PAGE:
CINCINNATI (CN) — President Joe Biden's $1.9 trillion American Rescue Plan Act contains an unconstitutional provision that precludes states from using funds to offset lower tax revenue and effectively holds stimulus funds hostage, according to a lawsuit filed by Ohio's Republican attorney general.
AG Dave Yost's complaint says the so-called tax mandate "allows the federal government to commandeer state taxing authority ... and coerces the states into accepting."
The suit says Ohio, which is set to receive $5.5 billion in aid under the legislation, will only get the full amount if it complies with the mandate and agrees not to make changes to its tax policies.
In remarks made Wednesday afternoon, however, the Treasury Department clarified the provision, and said tax cuts are permissible so long as the states use their own money.
"In other words," a spokesperson told the Associated Press, "states are free to make policy decisions to cut taxes --- they just cannot use the pandemic relief funds to pay for those tax cuts."
It remains unclear how the Treasury Department's comments will affect the litigation filed by Yost.
According to the complaint, a violation of the mandate allows the federal government to "recoup the lesser of: (1) the amount of the applicable reduction to net tax revenue; or (2) the amount of funds the state received from the federal government."
Yost argues the mandate violates the spending clause of the U.S. Constitution and he seeks a injunction to prevent its enforcement.
"Congress violates its spending clause power when it coerces states into agreeing to limit their sovereign authority by offering financial inducements that states cannot practically refuse," the complaint states.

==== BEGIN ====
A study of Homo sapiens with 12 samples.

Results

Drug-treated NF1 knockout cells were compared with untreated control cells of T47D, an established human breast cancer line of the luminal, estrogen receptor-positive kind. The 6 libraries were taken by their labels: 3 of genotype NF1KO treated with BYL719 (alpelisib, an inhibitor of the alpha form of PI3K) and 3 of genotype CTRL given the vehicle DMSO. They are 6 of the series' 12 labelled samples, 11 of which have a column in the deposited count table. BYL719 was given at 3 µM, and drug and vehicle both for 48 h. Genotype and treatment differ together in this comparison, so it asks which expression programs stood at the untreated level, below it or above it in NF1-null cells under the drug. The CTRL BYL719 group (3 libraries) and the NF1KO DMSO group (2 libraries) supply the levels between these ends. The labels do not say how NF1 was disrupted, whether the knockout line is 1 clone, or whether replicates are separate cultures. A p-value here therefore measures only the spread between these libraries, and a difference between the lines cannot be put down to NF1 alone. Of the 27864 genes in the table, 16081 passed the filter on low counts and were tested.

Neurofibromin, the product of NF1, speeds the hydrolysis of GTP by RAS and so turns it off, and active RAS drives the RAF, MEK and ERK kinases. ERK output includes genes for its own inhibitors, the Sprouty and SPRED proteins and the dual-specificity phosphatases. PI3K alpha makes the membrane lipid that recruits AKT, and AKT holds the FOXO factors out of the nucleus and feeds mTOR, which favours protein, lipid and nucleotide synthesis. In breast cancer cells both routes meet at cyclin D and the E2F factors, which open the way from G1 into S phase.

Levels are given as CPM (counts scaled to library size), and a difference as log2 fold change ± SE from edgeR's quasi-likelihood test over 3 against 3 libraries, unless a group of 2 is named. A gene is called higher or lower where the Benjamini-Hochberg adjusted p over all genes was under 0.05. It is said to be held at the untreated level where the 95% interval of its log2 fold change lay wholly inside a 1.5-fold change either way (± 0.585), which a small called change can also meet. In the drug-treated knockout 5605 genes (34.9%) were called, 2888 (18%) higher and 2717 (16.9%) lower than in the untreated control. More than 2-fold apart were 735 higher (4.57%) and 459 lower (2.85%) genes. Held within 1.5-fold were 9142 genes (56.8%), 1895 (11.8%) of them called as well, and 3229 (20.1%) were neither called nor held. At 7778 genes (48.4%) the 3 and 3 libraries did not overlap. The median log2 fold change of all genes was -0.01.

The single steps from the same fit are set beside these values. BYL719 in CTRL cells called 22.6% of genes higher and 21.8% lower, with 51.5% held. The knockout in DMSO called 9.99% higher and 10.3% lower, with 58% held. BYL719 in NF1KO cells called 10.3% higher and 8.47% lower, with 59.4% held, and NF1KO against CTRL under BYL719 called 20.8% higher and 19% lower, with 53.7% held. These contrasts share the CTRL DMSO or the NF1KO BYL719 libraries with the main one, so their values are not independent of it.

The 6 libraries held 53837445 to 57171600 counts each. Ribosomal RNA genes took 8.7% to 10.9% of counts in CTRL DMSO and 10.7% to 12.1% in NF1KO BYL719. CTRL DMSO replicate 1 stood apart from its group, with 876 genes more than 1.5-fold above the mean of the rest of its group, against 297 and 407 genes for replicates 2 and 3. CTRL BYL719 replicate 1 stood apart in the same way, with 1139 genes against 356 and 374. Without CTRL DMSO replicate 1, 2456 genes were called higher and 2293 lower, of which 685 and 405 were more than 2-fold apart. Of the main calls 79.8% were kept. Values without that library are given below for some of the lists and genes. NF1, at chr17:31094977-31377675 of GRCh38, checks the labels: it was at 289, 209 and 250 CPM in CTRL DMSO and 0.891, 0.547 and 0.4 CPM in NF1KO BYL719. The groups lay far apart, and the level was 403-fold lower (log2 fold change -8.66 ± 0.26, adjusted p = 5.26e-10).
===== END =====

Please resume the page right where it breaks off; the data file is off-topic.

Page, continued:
In a statement released shortly after the complaint was filed in Cincinnati federal court, Yost said the tax mandate "exceeds the authority of Congress."
"The federal government should be encouraging states to innovate and grow business, not holding vital relief funding hostage to its preferred pro-tax policies," he said.
The AG pointed out that Ohio has seen a $1.1 billion drop in tax revenue because of the Covid-19 pandemic, and is now faced "with a choice to either accept the stimulus funds or keep their sovereign authority to reduce taxes."
"Slipping last-minute conditions into a plan meant to help people that instead handcuffs Ohio is why people don't trust government," he added. "And it almost always leads to constitutional mischief."
The suit argues that tax changes may be necessary in Ohio to maintain a balanced budget, especially considering the revenue shortfall for 2020.
Ohio's decision to sue the federal government comes on the heels of a letter sent to Treasury Secretary Janet Yellen earlier this week by some 21 Republican attorneys general – a group that did not include Yost – who questioned the constitutionality of the provision.
"We ask that you confirm that the American Rescue Plan Act does not prohibit states from generally providing tax relief," the letter said.
Yellen is named as a defendant in the Yost lawsuit, alongside Richard Delmar, the acting inspector general of the Treasury Department.
Attorney Benjamin Flowers filed the suit on behalf of the state, as well as a corresponding motion for a preliminary injunction.
"In our current economic crisis," Flowers said in that motion, "[the mandate] is no choice at all. It is a metaphorical 'gun to the head.'"
The attorney admitted that Congress has the authority to "encourage" states to act certain ways regarding tax policies, but said the tax mandate goes a step further because the "funds comes with strings attached."
"The unconstitutionality is particularly stark here," the motion states, "because the Act coerces states into acquiescing in the commandeering of their taxing authority. In essence, states that abide by the tax mandate's terms are conducting their tax policy at the behest of the central government."
Read the Top 8
Sign up for the Top 8, a roundup of the day's top stories delivered directly to your inbox Monday through Friday.